EBay Inc. today rolled out WorldofGood.com, a new online Green marketplace offering products that are made from recycled or natural materials.
The site also allows shoppers to buy products built in developing nations. Thus, eBay said, the site has “a positive impact on people and the planet.”
Products and sellers are checked by third-parties, such as trust providers Co-op America and Aid to Artisans, to make sure that they meet a core set of ethical and environmental standards, eBay said.
The site has a labeling system for each product — which are all sold for fixed prices — that will show shoppers the impact of their purchase on economic empowerment, energy conservation, animal species preservation. The label also shows if an item is made of recycled, organic or sustainable materials.
“We created the WorldofGood.com marketplace to enable shoppers to purchase socially responsible products with confidence,” said Robert Chatwani, general manager of WorldofGood.com, in a statement. “Regardless of the social causes most important to consumers, they can easily shop for items according to a variety of different attributes, allowing them to customize their shopping impact.”
The site offers products in 15 categories, including home and garden, art, jewelry, clothing and food items. Shoppers can buy accessories and home decor items made from recycled materials, organic clothing and animal-friendly beauty items on the site, eBay said.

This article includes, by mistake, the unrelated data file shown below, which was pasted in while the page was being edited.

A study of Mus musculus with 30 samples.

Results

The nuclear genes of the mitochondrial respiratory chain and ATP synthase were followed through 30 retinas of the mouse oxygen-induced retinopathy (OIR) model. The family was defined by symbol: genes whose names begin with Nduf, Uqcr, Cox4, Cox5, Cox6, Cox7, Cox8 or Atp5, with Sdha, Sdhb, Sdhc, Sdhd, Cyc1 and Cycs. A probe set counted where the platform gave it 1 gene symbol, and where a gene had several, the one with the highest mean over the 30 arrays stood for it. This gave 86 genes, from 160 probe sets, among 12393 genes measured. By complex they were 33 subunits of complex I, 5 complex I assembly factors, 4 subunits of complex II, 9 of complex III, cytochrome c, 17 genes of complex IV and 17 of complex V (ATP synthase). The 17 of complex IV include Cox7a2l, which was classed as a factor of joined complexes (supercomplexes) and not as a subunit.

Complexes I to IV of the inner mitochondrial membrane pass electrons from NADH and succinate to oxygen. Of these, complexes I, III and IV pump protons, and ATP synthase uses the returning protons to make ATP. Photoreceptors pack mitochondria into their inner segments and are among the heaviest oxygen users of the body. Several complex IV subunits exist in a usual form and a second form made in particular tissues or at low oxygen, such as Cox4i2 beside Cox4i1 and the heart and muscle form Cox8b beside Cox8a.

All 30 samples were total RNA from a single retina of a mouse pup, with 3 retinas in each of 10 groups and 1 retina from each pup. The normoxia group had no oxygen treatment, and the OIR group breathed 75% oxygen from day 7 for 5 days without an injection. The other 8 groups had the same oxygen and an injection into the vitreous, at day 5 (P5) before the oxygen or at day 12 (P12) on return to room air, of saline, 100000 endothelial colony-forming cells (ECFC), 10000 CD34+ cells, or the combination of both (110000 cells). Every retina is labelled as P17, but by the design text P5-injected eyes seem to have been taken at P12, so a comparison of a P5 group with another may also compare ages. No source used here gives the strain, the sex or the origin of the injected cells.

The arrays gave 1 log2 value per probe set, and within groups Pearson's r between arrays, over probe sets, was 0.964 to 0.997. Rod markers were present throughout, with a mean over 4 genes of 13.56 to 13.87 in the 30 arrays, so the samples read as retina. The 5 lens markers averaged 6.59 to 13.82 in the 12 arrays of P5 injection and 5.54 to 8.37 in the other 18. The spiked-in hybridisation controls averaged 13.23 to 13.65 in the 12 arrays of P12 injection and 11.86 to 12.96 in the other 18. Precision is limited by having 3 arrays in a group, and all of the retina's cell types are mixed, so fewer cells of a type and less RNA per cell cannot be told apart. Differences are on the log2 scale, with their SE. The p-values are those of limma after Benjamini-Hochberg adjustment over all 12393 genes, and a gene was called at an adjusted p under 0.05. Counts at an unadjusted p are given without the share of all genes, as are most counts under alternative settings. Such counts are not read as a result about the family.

The new site also includes an online community with blog posts, articles and Q &A forums focused on a variety of ethical shopping topics.
Sarah Perez, a blogger at Read Write Web noted that the site has the potential to ” make some serious money ” for eBay.
“The selling of fair-trade/green products is a $206 billion business here in the U.S.,” she noted. “Shopping at WorldofGood may not be as worthy a cause as just giving money directly to a charitable organization, but it certainly will make you feel better about your online shopping sprees. It also appeals to the socially conscious shopper who doesn’t want to support the potentially unsavory practices of today’s large, international corporations.”